The recent University of Wisconsin crime warning issued Thursday didn’t surprise me. It didn’t surprise a lot of people, I’d imagine.

Sexual assault reported at Langdon Street fraternityA sexual assault reportedly occurred at a Langdon Street fraternity house Sept. 3 at around 12 a.m., according to a University Read…

Reports of sexual assault crop up all too frequently in our community. It’s inevitable that more crime warnings, just like this one, will filter into our inboxes. With every report, the question is raised: How do we stop sexual assault on campus? That is a question with no definitive solution, especially because sexual assault is highly correlated with alcohol consumption, an extremely prevalent part of our campus culture.

This isn’t to say that measures haven’t been taken to try and stop it. But programs like Tonight don’t really seem to have accomplished much.

I believe that sexual assault on campus will decrease if victims believe they can hold perpetrators responsible, and perpetrators actually fear the consequences of their heinous actions. But it’s nearly impossible to stem the high rate of sexual assault when only one percent of these incidences are reported to law enforcement.

It’s demoralizing — 99 percent of perpetrators of sexual assault evade the consequences of their actions. And of that 99 percent, not all are subject to investigation.

It’s unfortunate that the onus is placed on the victim to take action against the perpetrator. I can’t fathom how painful it is to have to come to terms with experiencing sexual assault. Staying silent is, of course, the victim’s choice, but staying silent helps no one. Not reporting a rape undermines the seriousness of sexual assault and the wounds it inflicts.

Perpetrators need to be held responsible, period.

Two recent cases of reported sexual assault have surfaced, and the contrast between how the situations were handled is striking.

In one instance, a woman who fought off attempted sexual assault informed the Madison Police Department of the incident. Because of her action, an investigation has ensued.

UW student fights off suspected rapistOn the eve of the first day of classes, a University of Wisconsin student fought off a man who she Read…

In the second instance, the victim, allegedly drugged and assaulted at a fraternity, reported the incident to a campus security authority.

Sexual assault reported at Langdon Street fraternityA sexual assault reportedly occurred at a Langdon Street fraternity house Sept. 3 at around 12 a.m., according to a University Read…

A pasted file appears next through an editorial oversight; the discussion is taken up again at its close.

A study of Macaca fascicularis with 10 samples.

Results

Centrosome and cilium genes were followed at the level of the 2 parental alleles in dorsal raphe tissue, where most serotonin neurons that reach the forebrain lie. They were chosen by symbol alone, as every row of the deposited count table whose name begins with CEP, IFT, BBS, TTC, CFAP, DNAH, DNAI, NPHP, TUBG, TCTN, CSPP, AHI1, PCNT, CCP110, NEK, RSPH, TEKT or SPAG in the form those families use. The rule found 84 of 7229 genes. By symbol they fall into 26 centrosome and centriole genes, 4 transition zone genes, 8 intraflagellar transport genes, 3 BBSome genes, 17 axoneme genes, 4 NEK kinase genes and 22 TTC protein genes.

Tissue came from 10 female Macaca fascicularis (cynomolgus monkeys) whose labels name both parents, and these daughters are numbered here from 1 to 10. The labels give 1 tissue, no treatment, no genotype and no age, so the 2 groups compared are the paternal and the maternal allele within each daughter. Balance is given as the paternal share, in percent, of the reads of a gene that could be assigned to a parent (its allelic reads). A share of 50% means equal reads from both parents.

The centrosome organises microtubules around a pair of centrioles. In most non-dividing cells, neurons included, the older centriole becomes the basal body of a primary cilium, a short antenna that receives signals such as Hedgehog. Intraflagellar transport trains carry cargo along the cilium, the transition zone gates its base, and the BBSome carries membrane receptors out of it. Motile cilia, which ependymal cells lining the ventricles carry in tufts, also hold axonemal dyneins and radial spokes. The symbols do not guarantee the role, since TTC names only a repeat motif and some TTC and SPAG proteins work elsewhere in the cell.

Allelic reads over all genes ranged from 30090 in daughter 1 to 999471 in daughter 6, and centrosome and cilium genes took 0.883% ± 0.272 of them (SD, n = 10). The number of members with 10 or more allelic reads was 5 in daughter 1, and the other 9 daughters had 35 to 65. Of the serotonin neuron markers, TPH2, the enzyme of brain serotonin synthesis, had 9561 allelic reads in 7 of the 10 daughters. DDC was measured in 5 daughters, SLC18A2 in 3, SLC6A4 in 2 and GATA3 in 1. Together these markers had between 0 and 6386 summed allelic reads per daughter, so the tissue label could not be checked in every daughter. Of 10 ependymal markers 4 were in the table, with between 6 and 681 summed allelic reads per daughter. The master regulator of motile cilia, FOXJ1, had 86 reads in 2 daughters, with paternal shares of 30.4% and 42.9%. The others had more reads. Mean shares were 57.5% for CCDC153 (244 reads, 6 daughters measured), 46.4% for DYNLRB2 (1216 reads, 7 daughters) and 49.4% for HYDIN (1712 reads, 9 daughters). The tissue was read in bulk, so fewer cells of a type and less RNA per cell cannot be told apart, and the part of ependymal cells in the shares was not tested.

Both victims took action by telling someone, but because the victim in the second incident told a campus security authority and not a law enforcement unit, no investigation was launched. 

I’m not blaming the victim in the second incident. If they chose not to report to the police for any reason, that is their right entirely. But I have to ask: Why do victims not feel comfortable reporting it to law enforcement?

Maybe it’s because they feel the investigation might lack evidence, or maybe they think reporting the incident won’t bring any justice. Regardless of their reasons, all victims should feel empowered to take decisive action and to know that they deserve justice.

Perhaps if more sexual assault cases are reported to law enforcement, perpetrators will start taking rape a little more seriously. They might consider someone else’s presence of mind a little more carefully the next time they’re at a party and convincing another drunk student to go home with them.

Rape is not always met with physical resistance, but people grossly misunderstand that a lack of resistance doesn’t mean consent is given. I think this also leads many victims to feel they’re unjustified in opening an investigation against their perpetrator if they didn’t or couldn’t resist. That’s sad, and that’s a problem.

Without more action taken against those who commit sexual assault, rape culture cannot be challenged. We’ll keep getting these crime warnings with each one representing a victim’s well-being and sense of safety being torn from them.

Victims need to know they can be brought justice. Only by encouraging the report of sexual assault can we begin to challenge the threatening rape culture on our campus.

Megan Stefkovich ([email protected]is a junior majoring in biology.